Line manager support is vital to workplace productivity for people with depression
According to new research from the London School of Economics and Political Science (LSE), employees who work in an environment where managers feel comfortable to offer help and support with their depression are more productive and take less time off work.
Published in medical journal BMJ Open, the LSE’s research revealed that employees’ productivity levels improved by 6% when they were open about their depression at work. Researchers also found that their levels of absenteeism were reduced by as much as 11 days over 24 months.
The study examined depression in the workplace in 15 countries, including the UK, looking at the impact of manager reactions and support on absenteeism and presenteeism.
The researchers found that 53% of people in the UK reported that their manager had offered to help with their depression. Denmark had the most open managers, with only 2% of respondents saying that their manager had avoided the issue. In the UK this figure was 3%.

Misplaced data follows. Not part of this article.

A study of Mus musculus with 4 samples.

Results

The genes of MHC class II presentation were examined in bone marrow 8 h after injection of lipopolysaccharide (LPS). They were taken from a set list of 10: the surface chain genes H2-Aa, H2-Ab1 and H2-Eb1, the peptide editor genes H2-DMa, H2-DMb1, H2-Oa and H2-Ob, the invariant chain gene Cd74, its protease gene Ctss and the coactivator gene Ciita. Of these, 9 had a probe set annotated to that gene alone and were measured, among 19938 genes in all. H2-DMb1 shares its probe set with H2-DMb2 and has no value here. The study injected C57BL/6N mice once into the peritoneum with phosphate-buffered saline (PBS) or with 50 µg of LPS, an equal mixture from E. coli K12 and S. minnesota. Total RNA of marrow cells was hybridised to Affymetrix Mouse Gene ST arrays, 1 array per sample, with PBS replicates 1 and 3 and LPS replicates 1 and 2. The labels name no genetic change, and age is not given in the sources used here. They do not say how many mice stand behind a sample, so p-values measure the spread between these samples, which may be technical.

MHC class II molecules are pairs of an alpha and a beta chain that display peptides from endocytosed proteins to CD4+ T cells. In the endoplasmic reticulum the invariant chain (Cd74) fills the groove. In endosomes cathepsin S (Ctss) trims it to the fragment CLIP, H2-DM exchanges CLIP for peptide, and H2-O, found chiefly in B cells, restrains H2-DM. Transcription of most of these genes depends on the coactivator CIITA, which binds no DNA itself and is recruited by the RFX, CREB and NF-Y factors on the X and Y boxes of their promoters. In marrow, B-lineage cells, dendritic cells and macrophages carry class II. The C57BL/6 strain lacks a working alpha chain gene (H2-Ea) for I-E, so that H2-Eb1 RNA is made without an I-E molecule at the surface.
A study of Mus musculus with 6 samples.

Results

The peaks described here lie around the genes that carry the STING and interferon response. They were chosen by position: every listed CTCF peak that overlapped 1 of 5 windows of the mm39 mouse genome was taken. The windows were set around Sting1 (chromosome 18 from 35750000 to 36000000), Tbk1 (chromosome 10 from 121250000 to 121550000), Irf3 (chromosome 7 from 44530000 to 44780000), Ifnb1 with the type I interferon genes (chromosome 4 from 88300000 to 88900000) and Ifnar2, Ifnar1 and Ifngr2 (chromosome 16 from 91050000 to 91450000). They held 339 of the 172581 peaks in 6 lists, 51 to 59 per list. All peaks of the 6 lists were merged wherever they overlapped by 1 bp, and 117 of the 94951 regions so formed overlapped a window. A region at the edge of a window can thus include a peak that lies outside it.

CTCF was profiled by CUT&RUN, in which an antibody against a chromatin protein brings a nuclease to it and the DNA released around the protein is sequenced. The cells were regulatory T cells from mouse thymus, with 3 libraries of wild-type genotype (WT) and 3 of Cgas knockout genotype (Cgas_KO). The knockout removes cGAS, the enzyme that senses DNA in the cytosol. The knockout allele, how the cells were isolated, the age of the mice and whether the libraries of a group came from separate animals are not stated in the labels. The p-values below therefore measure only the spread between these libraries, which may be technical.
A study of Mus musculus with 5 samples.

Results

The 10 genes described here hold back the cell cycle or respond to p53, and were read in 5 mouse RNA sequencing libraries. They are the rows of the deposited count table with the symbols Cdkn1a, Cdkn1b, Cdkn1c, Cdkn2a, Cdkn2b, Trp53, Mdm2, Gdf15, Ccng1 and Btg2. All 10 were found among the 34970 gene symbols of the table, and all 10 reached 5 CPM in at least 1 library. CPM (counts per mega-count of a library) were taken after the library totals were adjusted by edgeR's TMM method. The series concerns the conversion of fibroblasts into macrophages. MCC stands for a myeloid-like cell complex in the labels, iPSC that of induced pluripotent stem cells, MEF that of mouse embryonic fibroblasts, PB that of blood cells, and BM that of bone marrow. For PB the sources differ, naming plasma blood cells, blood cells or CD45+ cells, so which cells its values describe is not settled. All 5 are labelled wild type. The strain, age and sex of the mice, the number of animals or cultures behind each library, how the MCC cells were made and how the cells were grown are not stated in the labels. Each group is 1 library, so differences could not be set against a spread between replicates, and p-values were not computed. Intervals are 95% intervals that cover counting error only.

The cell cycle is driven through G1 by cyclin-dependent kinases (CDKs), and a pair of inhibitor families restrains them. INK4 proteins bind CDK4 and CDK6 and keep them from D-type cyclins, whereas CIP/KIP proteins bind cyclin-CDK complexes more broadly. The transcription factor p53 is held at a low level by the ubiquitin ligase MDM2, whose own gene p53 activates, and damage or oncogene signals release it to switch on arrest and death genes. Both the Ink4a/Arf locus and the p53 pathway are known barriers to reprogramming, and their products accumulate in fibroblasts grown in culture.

The LSE study cited separate research that found around 70% of people with mental illness, including depression, conceal their condition. Fear of stigma and discrimination in finding and keeping jobs contributed to this.
“As evidenced by this study, providing the right advice and support for employees with depression is vital,” said Neil Mountford, chair of UK EAPA. “More training for line managers will help with recognition of the early warning signs as well as improved signposting to support services such as EAPs, benefiting both the employee by ensuring they get the help they need and the employer, with fewer days lost to absence.”
Read more about the research study here.